Earlier this week, I came across a Nature News article highlighting the gender-based pay gap in STEM fields. (Nature and Scientific American are both part of Springer Nature). It turns out that, one year after completing their studies, female PhD graduates in the U.S. earn almost one-third less than their male counterparts. The difference can be attributed to just two key factors, according to a study published in American Economic Review.
The first factor is that women tend to go into comparatively less lucrative fields—biology or chemistry, for example, as opposed to math or engineering. While this fact undoubtedly deserves further scrutiny in terms of why this is the case, it’s still somewhat easy to brush aside. After all, women are making these decisions of their own volition, presumably knowing that their field of choice has relatively low earning potential among STEM professions.
However, the second factor is a bit more troubling…if depressingly predictable. Even when the field of academic study is removed from the equation, women’s earnings still trail those of men by 11 percent. The reason? Family. Married women with children are paid less than those who don’t have similarly structured families. Meanwhile, men earn the same amount, regardless of their marital or parental status.
This is unsurprising to me, not only because it has been widely studied and reported in the past (not just in STEM fields, of course, but across the spectrum of professions), but also because I have seen it firsthand. As a woman who has worked in overwhelmingly female-dominated fields in the past, I have been struck by two recurring observations: (1) Even though a significant majority of individuals in my field were female, the most senior (and thus presumably highest paid) positions were disproportionately occupied by men; and (2) Those women who did hold such leadership positions were often unmarried and almost invariably childless, while their male counterparts were nearly always married with children.
But I digress. Anecdotal evidence aside, the data are what really tell the story. While the Nature story did not include a data visualization, I subsequently happened upon a related story from The Wall Street Journal, featuring a handy interactive graphic. Drawing data from the Census Bureau, this information-rich visualization represents 446 major U.S. occupations, from the lowest- to highest-paid. Using a lollipop-style chart, the graphic highlights the gaps between male and female earners, with men almost exclusively boasting comparatively higher wages.
The largest pay gaps are easy to identify, as the lines stretching between male and female data points stick out like proverbial tall poppies next to their more modest neighbors. Moreover, the gaps expand progressively towards the right-hand side of the graph, where more lucrative professions (i.e. those employing more highly educated individuals) are displayed.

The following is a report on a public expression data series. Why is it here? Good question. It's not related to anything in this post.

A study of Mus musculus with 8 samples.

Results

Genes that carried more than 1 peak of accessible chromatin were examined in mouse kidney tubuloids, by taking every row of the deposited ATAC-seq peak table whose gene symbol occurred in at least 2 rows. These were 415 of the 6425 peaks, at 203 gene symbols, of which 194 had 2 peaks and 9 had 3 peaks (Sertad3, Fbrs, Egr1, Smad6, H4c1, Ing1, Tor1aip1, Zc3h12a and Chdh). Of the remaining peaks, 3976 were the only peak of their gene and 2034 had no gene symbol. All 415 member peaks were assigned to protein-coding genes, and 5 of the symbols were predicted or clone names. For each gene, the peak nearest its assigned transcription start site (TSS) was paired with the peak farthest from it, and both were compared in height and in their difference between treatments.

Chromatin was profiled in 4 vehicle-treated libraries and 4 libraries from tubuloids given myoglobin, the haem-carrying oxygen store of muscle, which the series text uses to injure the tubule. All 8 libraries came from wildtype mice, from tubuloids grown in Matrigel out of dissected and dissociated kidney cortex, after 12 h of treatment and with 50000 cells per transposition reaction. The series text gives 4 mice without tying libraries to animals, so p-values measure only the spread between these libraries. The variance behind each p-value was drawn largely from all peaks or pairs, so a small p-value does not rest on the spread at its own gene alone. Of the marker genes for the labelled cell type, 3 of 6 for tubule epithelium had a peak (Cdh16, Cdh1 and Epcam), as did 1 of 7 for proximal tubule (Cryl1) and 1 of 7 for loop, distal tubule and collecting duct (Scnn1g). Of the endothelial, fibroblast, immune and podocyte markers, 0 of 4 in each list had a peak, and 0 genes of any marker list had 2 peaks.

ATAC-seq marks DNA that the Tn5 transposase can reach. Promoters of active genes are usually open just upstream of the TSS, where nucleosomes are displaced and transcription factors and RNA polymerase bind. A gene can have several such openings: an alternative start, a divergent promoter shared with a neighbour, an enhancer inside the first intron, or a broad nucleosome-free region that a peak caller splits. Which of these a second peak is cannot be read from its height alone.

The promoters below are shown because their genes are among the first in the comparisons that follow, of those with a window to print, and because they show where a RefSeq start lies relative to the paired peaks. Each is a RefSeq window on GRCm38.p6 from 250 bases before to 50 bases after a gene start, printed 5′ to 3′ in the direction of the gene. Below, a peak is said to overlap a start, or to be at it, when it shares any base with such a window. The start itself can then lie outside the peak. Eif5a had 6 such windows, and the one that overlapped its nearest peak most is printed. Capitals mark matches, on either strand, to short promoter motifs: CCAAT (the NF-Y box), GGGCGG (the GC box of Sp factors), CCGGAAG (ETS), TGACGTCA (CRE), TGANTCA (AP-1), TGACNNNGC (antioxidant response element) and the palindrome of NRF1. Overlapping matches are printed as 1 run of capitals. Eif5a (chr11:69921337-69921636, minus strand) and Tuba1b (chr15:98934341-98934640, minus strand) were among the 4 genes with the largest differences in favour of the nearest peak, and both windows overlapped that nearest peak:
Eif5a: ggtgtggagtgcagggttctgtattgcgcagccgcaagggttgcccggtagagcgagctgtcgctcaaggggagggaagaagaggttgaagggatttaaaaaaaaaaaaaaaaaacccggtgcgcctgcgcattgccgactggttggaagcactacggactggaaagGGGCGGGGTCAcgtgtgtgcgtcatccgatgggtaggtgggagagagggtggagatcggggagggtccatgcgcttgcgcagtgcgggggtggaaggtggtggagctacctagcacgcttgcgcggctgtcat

As I scrolled across the visualization, I kept an eye out for STEM jobs likely held by PhD-educated individuals. It wasn’t hard to single many of them out, as several featured remarkably large pay gaps. Physicians and surgeons, for example, occupy the last position on the graph, boasting the highest wages overall; however, women in these professions make a mere 64 percent of what their male peers earn.
Admittedly, grouping all physicians and surgeons into one broad category is not the best way to approach the pay gap question, as surgeons are generally paid significantly more than, say, family doctors. However, considering the sizeable pay gaps in other medical fields, such as podiatrists (65 percent), dentists (76 percent), optometrists (82 percent), and veterinarians (81 percent), it seems that some sort of institutional bias is likely a factor in the physicians/surgeons group. Other STEM professions with considerable pay gaps include natural sciences managers (74 percent), atmospheric and space scientists (84 percent), and astronomers/physicists (85 percent).
While this visualization is quite informative and user-friendly, it also raises a number of questions and ultimately makes me wish for a new, more comprehensive and granular representation of pay gap data. For example, I’d like to see certain categories (such as physicians/surgeons) broken out into more specific occupations in order measure the pay gap more accurately. I would also be curious to see the ratio of male to female workers in each profession and evaluate any possible correlation between higher numbers of women in a given field and smaller pay gaps. And finally, I’d like some graphical indication of what factors influence the variations among these numbers. For example, what makes some fields (like biomedical engineering, where men and women actually earn equivalent salaries!) friendlier to women than others?
In any case, it is clear that female professionals are disproportionately hindered by family-related factors, and this needs to be addressed on a number of levels. The intersection of different types of gender gaps also seems to merit further study, as one gap may easily beget others.
For more on gender gaps in the sciences, check out this Scientific American interactive graphic from 2014.